Retirees to Get Big Social Security COLA Boost for 2022

The increase in the Social Security cost-of-living adjustment for 2022 was driven by higher prices for fuel, appliances and cars.


The Social Security Administration announced on Wednesday that the cost-of-living adjustment will be 5.9% for next year. The increase was driven by large jumps in all sorts of energy prices: gasoline, natural gas and electricity. Prices of both new and used cars and trucks surged as demand soared and computer chip shortages crimped supply. Ditto for appliances, TV’s and other furniture. Restaurants and barbers raised prices as wage rates picked up in the face of shortages of workers. And finally, airfares and hotel rates began to rebound from the lows caused by the pandemic.

This is the largest COLA increase since 1982, when benefits surged 7.4%. It is also in line with the 6% increase that The Kiplinger Letter forecast in September.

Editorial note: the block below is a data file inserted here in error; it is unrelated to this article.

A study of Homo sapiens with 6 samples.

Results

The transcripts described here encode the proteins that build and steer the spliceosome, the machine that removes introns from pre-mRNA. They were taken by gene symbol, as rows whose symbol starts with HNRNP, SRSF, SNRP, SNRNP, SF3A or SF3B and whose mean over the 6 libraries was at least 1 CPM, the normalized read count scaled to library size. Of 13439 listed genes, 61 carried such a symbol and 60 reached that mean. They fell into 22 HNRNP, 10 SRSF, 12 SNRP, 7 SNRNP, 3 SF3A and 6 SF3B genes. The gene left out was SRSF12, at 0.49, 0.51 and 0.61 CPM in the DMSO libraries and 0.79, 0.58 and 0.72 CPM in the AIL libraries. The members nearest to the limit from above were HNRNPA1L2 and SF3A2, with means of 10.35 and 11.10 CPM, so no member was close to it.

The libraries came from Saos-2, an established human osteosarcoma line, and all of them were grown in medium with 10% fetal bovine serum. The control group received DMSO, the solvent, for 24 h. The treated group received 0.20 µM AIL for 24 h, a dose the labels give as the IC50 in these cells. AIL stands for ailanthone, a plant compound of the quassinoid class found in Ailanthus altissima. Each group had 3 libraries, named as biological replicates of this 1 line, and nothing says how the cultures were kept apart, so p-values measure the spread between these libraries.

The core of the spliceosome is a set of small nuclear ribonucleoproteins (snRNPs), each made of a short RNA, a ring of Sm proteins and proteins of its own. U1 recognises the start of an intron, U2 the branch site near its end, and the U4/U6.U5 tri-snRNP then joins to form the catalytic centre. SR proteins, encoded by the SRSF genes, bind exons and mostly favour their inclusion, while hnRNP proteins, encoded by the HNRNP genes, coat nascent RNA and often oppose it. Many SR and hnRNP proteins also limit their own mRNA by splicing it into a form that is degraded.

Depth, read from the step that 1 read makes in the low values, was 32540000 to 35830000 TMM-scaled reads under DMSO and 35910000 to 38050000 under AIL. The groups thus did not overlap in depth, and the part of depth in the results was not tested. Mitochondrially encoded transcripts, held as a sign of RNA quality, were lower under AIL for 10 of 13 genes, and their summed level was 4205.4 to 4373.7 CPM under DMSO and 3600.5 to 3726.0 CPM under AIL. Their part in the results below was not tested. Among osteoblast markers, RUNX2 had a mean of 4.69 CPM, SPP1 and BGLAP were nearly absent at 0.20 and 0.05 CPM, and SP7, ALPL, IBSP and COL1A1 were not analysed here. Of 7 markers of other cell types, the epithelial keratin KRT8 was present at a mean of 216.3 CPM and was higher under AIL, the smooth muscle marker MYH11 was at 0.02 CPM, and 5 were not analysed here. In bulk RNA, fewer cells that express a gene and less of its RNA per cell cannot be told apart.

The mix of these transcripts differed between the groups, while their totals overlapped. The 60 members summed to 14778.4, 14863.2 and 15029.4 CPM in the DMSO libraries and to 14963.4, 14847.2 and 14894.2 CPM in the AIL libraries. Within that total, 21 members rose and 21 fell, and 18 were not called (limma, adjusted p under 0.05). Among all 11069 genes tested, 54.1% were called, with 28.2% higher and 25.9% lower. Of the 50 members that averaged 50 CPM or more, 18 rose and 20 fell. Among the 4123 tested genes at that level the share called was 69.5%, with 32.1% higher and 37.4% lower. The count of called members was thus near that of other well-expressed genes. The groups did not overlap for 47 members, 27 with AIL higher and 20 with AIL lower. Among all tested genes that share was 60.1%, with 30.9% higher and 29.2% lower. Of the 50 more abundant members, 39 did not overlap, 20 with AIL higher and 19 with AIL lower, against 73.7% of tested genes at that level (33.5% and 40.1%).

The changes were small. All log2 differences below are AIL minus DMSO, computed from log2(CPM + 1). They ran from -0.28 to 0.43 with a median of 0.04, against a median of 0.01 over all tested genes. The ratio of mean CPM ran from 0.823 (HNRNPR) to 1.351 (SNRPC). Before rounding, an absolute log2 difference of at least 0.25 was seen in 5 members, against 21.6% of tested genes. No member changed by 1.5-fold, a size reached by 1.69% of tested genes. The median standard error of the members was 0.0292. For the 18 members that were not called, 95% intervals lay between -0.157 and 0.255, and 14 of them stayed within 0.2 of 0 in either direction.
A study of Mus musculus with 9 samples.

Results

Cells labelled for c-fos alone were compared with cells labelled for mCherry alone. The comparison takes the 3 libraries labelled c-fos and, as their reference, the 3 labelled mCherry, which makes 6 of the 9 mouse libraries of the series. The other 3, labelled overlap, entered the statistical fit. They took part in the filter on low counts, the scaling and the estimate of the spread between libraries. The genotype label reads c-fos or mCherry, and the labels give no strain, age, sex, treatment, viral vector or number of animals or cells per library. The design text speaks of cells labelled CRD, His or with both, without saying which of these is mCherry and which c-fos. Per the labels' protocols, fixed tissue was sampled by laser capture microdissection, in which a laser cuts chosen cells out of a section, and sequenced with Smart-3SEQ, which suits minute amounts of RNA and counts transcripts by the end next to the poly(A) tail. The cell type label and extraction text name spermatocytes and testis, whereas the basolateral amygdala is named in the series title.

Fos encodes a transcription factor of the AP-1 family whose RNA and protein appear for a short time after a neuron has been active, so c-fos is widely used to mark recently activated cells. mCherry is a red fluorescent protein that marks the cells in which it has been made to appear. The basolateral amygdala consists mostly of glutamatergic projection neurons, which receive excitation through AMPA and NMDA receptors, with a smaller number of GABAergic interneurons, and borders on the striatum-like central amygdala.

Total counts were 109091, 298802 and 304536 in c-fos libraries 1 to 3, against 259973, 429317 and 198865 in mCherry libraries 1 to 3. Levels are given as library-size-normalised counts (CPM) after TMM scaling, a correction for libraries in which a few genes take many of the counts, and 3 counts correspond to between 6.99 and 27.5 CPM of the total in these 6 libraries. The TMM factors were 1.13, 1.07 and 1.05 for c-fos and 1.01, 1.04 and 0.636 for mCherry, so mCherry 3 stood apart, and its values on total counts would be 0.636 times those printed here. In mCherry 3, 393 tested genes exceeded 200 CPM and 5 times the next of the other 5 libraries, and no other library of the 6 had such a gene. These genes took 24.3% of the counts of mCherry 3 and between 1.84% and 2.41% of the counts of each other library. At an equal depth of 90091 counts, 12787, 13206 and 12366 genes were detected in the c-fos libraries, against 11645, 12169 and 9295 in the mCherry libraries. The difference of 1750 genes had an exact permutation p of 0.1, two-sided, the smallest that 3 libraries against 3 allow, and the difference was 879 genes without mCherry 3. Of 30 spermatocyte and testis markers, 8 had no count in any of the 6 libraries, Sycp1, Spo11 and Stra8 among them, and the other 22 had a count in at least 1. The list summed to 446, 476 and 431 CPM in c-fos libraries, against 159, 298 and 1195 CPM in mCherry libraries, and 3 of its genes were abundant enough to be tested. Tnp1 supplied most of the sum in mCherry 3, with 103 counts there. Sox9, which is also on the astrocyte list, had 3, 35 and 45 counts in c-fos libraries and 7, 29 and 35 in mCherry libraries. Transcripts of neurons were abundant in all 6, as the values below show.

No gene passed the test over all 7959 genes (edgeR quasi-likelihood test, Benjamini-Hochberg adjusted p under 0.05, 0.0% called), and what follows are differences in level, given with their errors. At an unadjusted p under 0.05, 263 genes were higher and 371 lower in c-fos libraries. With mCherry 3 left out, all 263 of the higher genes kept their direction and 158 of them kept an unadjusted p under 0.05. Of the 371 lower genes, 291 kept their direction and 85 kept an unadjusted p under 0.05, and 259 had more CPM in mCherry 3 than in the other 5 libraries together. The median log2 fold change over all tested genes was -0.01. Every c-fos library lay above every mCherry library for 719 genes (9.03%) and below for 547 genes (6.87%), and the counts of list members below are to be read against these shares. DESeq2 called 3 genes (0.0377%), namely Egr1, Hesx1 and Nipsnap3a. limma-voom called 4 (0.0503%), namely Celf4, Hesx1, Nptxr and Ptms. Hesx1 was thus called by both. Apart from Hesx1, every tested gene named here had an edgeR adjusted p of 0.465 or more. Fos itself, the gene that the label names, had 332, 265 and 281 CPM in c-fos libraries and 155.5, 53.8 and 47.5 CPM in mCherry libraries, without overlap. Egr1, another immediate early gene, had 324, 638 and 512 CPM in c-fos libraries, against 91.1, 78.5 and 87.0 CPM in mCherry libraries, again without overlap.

David Payne
Staff Economist, The Kiplinger Letter
David is both staff economist and reporter for The Kiplinger Letter, overseeing Kiplinger forecasts for the U.S. and world economies. Previously, he was senior principal economist in the Center for Forecasting and Modeling at IHS/GlobalInsight, and an economist in the Chief Economist's Office of the U.S. Department of Commerce. David has co-written weekly reports on economic conditions since 1992, and has forecasted GDP and its components since 1995, beating the Blue Chip Indicators forecasts two-thirds of the time. David is a Certified Business Economist as recognized by the National Association for Business Economics. He has two master's degrees and is ABD in economics from the University of North Carolina at Chapel Hill.